By: Christi Granstaff 

In late May and early June 2021, much of the world was preparing to emerge from the global COVID-19 pandemic and dreaming about reuniting with family and friends, summer vacations, going back to the office, and a “normal” upcoming school year. The Center for Nature and Leadership (CNL) program, Easing Back to Life, provided me a great opportunity to be intentional about my reemergence and to be thoughtful about the parts of pandemic life that I had discovered were valuable and wanted to carry forward. Even though the surge of the Delta variant has prolonged our pandemic lifestyle, this program revealed deep inner truths and provided insights into ways to navigate this liminal space, the time between the ‘what was’ and the ‘next.’ It’s been said that liminal space is where all transformation takes place, if we learn to wait and let it form us. Here are a few reflections on my exploration of this space throughout the program.

Program participants engaged in bi-weekly group sessions, solo time in nature, guided meditations, partner walks, reflective journaling, and practices including “a praise walk, a child walk, and nature as mirror.” These experiences provided a variety of ways to deepen our connection with nature, and during our solos, provided us the opportunity to customize our experience in a way that felt most authentic to each of us.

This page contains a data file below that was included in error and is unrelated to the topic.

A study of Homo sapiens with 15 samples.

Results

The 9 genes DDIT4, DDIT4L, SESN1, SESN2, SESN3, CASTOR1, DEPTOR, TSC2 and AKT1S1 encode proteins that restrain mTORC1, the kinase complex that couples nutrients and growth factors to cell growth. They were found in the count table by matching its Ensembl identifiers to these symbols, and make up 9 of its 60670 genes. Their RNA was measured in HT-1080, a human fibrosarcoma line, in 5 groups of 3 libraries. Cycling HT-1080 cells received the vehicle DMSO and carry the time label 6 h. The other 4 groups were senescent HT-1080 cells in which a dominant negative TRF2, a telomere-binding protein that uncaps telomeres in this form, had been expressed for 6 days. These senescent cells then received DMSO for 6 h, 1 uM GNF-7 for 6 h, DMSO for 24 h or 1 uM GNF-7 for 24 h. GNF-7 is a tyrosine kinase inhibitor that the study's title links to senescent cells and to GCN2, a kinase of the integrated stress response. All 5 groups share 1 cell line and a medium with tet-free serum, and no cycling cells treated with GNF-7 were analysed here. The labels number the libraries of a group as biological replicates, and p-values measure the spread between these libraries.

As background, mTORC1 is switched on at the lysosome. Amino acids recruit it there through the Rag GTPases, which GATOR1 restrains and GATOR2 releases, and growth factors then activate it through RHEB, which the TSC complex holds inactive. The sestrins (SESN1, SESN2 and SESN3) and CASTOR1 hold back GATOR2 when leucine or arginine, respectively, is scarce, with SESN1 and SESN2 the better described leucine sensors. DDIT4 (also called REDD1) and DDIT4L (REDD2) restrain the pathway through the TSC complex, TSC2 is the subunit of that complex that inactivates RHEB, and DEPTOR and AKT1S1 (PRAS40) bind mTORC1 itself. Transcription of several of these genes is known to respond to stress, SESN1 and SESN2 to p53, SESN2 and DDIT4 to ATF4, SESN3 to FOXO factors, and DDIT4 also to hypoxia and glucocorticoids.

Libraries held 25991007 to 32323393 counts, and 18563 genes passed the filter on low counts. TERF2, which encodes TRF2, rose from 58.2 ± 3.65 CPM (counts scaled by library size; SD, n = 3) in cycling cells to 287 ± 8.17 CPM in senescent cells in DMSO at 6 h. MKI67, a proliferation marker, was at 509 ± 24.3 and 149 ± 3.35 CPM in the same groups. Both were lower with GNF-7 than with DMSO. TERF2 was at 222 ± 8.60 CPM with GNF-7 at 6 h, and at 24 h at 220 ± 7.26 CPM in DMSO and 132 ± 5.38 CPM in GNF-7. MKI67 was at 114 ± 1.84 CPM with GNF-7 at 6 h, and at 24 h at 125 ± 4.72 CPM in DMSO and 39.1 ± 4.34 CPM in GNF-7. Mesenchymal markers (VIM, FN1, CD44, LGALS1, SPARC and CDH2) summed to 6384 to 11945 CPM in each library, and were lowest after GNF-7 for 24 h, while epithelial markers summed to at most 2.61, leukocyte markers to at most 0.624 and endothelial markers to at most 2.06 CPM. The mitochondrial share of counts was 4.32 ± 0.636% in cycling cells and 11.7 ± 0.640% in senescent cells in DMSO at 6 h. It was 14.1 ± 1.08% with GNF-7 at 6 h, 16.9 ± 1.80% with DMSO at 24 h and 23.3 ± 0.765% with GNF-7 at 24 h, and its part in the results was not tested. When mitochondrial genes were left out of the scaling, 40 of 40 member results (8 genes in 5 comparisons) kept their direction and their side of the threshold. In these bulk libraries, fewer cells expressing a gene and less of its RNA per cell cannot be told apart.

While I enjoyed and benefited from the group sessions and partner walks, the solos became the most meaningful part of the experience for me. While it was not easy or natural for me to step away from the busyness and productivity of daily life and just be in nature, after a time or two, I began to look forward to my solo, and blocked time on my calendar, so I could truly disconnect from computer screens, meetings, and to-do lists.

What did spending time in nature teach me? Time in nature is rejuvenating and awakens my creativity. I want to continue to intentionally weave computer breaks and outdoor walks into each day.

Was I able to connect more deeply to my heart center? Thankfully, yes. Most of my days are spent leading from and acting with my head (or “the clever mind” as CNL would say). As I quieted my mind, ignited my creativity, and dropped deeper into my heart, I considered:

  • the ways strong, trusting relationships create meaning and drive progress
  • how I could infuse more of my passion for mentoring others in their growth and development into the way I show up with my colleagues
  • the importance of more self-discovery ~ who am I outside of work and who am I as a mom? What do I enjoy? What legacy do I want to leave and what should I be doing now to create that? I’m really paying attention to incorporating activities into my life that will continue to reveal answers to these questions.

Just before sitting down to write this, I went for a walk outside. I had started jotting down some notes and had made a bit of progress here and there between meetings. However, taking that walk and connecting with nature really brought clarity about what I wanted to share.

If you are interested in learning more about nature-based leadership programs, visit the Center for Nature & Leadership.